OF STUDENTS PROTESTS: ZIMBABWE vs SOUTH AFRICA

by Senamiso Moyo | University of the Witwatersrand

As a Zimbabwean student studying in South Africa, the recent student protests that swept through the country were a strange occurrence. It was amazing to witness students gather in large numbers to fight against unrealistic tuition fee increases imposed by the universities.
The general feeling amongst most Zimbabwean students, as we watched our South African colleagues shut down universities, public roads and march to the Union Buildings (where the executive arm of government sits), was mostly fascinating and intriguing. Most of us grew up in post 1980 Zimbabwe and had never witnessed such a huge protest before. Where singing, dancing and generally disruptive behaviour on the streets was used by people to get the attention of the bigger heads and have their demands. Throughout most of the demonstrations we kept asking ourselves, “Where are the riot police? Or why don’t they just accept the increases? After all its life”
Not to say we don’t have protests and demonstrations in Zimbabwe, but they are usually dealt with so much more differently, especially if it concerns what the State considers trivial matters. Any gathering that seeks to disrupt the peace or the functioning of Civil Society is usually nullified before it becomes a matter to write home and report about.
However, throughout these protests we were exposed to the good and the bad of protest action and to some extent, we gained an understanding of why the Zimbabwean government deals with disruptions like this so swiftly. At first students were united in one movement which led to President Jacob Zuma announcing that there will be no fee increases for the year 2016. However, there was now a lot of external political interference riding on the wave of what was for a good cause. Various political institutions then used the student movement to pressurize the ANC government to provide free education and an end to non-standard labour practices within tertiary institution. The reasonableness of the demands was now seemingly lost and the majority of the students wanted to resume classes with final exams fast approaching.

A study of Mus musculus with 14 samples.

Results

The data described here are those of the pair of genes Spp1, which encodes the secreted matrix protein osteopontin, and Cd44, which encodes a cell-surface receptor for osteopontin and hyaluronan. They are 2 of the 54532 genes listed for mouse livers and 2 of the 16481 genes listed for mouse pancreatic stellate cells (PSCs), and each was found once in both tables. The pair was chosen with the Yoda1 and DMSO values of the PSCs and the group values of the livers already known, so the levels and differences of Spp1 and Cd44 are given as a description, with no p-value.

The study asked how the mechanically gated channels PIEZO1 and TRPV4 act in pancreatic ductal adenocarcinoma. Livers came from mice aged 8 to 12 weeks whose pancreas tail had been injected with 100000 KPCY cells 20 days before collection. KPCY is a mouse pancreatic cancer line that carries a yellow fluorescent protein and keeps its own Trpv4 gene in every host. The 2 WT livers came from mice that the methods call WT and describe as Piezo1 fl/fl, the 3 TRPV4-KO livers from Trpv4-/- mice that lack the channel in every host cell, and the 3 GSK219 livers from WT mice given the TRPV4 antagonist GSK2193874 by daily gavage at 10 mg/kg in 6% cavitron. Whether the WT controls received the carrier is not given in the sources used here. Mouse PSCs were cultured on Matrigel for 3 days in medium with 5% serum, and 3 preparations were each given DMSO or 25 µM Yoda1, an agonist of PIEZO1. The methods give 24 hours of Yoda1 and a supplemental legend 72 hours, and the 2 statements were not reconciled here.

What subsequently transpired was a huge conflict between the student bodies. There were the more politically inclined students who wanted to continue with the protests and the shutdown of campuses. Funded by rival political parties, they staged one of the longest on-campus occupations in history, defending their stance by any means, which included threats of violence. Then there were the majority of the students who accepted that 0% increase was reasonable and wanted to continue with exams, campus had of course been shut down for two weeks.
As part of the majority I began to understand why the Zimbabwean government dealt with disruptive action so swiftly. When the demands from protestors became unreasonable, everyone looked to the The South African Police Service (SAPS) to act. The University did everything within the ambit of the law to deter protestors. However, in respecting the right to freedom of protest afforded by the South African constitution, the SAPS just watched on and basically did nothing. Exams were postponed and this put a lot of students in danger of not graduating and foreign students whose permits were to expire soon in danger of having to leave the country without writing examinations. This is the great disadvantage with the right to protest, it affords the protesting party too much power, it seizes being negotiation and becomes a demand with no room for bargaining. This is only acceptable in so far as the protesting party does not abuse this right as the protestors did in this case.
The plight of poor students and exploited workers is one that I sympathise with deeply. However, any right that is afforded in any constitution, may be limited if it infringes on the rights and interests of another person. Zimbabwe and South Africa are two extremes, and there is still a long way to go in establishing a balance in this regard.